In decisions about traffic stops, wartime prosecutions and even toads, John Roberts the appeals court judge has given a glimpse into how John Roberts the Supreme Court justice might act: deferential to police and the president, wary about government overreaching.
Roberts is a member of the Washington-based appeals court that sometimes is called the second most important court in the country because of the major issues it handles. But during his two years, Roberts has dealt mainly with less-than-glamorous subjects like fraud, regulatory disputes and law enforcement skirmishes.
President Bush’s pick to replace retiring Sandra Day O’Connor would immediately confront meaty issues on the highest court, although he will be questioned first about his record on the appeals court and as an attorney in the Reagan and George H.W. Bush administrations.
Roberts’ appeals court material is sparse, with about 40 majority opinions over two years. The latest two new Supreme Court justices — Stephen Breyer and Ruth Bader Ginsburg — had been on appeals courts more than a decade each and had written hundreds of decisions.
“He’s not revealing any agenda in his court of appeals opinions,” said Orin Kerr, a George Washington University law professor and former Supreme Court clerk.
Judging 4th Amendment freedoms
Andrew Levy, a Baltimore criminal lawyer who teaches at the University of Maryland, said, “It’s pretty dry technical stuff. It leaves people to reading the tea leaves like everyone else. I suspect the administration likes this just fine.”
There are some themes, however.
Roberts repeatedly has come down on the side of police, as when he ruled against a 12-year-old girl who had been arrested for eating a french fry on Washington’s subway system, and in several cases involving car stops and searches.
He was in dissent in a search case, decided Friday on a 2-1 vote. Over his objections, a panel found that U.S. Park Police did not have grounds to search a car trunk during a traffic stop though there was reason to believe the vehicle might be stolen.
As a Supreme Court justice he would repeatedly deal with questions about how far police can go without violating the Fourth Amendment ban on unreasonable searches or seizures.
“I wholeheartedly subscribe to the sentiments expressed in the concurring opinion about the Fourth Amendment’s place among our most prized freedoms. But sentiments do not decide cases; facts and the law do,” Roberts wrote in the dissent.
He said an experienced district judge concluded that there was enough suspicion to warrant probable cause for the search. “Right or wrong, nothing about that determination reflected insensitivity to constitutional values, any more than a contrary determination would have reflected insensitivity to the needs of law enforcement,” Roberts wrote.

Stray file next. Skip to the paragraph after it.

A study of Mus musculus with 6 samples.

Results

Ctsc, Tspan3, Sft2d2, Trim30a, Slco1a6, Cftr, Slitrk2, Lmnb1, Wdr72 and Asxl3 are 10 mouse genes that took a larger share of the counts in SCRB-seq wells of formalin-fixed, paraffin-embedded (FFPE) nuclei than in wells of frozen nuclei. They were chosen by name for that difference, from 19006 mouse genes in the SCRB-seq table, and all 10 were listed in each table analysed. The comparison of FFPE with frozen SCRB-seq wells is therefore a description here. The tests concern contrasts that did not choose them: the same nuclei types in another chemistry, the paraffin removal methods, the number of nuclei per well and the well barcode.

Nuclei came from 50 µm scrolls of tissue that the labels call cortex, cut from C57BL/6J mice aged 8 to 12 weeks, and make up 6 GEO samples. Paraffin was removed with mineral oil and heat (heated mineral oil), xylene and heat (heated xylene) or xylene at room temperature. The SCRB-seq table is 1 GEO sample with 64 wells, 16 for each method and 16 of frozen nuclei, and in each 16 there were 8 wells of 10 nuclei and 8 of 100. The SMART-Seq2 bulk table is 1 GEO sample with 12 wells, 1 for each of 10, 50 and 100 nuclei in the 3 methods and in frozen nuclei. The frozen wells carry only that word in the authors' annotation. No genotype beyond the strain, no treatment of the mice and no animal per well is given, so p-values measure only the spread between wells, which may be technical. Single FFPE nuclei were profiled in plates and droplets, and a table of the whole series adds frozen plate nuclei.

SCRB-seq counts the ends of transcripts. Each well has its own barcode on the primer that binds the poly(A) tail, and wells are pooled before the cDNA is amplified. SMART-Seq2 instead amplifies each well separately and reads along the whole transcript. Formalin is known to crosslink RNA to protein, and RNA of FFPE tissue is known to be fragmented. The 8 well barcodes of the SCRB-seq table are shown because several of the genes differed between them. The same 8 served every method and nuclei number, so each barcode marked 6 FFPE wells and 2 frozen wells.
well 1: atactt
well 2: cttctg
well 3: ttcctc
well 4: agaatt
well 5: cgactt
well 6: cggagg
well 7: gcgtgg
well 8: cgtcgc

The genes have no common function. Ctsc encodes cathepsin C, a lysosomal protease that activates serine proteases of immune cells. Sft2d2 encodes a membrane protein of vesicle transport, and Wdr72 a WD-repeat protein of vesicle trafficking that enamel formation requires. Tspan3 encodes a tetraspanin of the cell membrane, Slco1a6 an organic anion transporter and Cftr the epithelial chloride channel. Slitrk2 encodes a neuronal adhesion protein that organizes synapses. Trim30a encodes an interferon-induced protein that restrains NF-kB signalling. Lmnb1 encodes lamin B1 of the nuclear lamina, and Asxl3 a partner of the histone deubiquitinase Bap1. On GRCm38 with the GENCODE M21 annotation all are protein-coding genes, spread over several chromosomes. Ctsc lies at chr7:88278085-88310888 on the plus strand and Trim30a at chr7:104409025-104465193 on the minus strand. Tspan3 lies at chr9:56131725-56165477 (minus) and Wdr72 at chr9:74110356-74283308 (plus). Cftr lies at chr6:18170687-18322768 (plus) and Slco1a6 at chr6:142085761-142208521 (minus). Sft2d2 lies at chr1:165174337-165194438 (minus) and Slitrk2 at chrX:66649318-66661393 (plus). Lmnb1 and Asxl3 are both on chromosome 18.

Backing presidential authority
He has handled several cases brought by the Bush administration, and has backed presidential authority.
Last week he was part of a unanimous three-judge panel that cleared the way for the Pentagon to resume military trials for foreign detainees held in Cuba. A year ago, he voted to throw out a judgment for U.S. prisoners of war during the 1991 Gulf War, as the Bush administration wanted. He issued a dissent in a preliminary decision that went against the Bush administration’s efforts to keep secret records of the vice president’s energy task force.
The Roberts dissent that has been most closely dissected involved the power of the federal government to protect the environment. Roberts questioned whether the Endangered Species Act applied to a dispute over a California development and rare toads that reside only in that state.
Roberts did not endorse striking down the species act, but he questioned whether the Constitution’s commerce clause justified using it in a matter apparently limited to just one state.
Stephen Wermiel, an American University law professor, said Roberts “fits the conservative mold of judges who have concerns about how criminal procedure rulings may handicap law enforcement.”
And like Chief Justice William H. Rehnquist, for whom Roberts clerked, Roberts appears to have a “healthy respect for presidential power,” Wermiel said.
Sense of humor
Roberts has not sided with the government in every case. He backed a man who challenged his sentence for fraud, on grounds that the man was more of a bit player in the crime than his wife.
One thing very clear about Roberts is the humor he brings to his decision writing. He joked in Friday’s opinion that the driver may have lost his car registration and “sometimes dogs do eat homework.”
In his french fry arrest decision, he sided with authorities but found a lighter side: “The district court described the policies that led to her arrest as ’foolish,’ and indeed the policies were changed after those responsible endured the sort of publicity reserved for adults who make young girls cry.”
In the frog case, “the hapless toad,” he wrote, “for reasons of its own, lives its entire life in California.”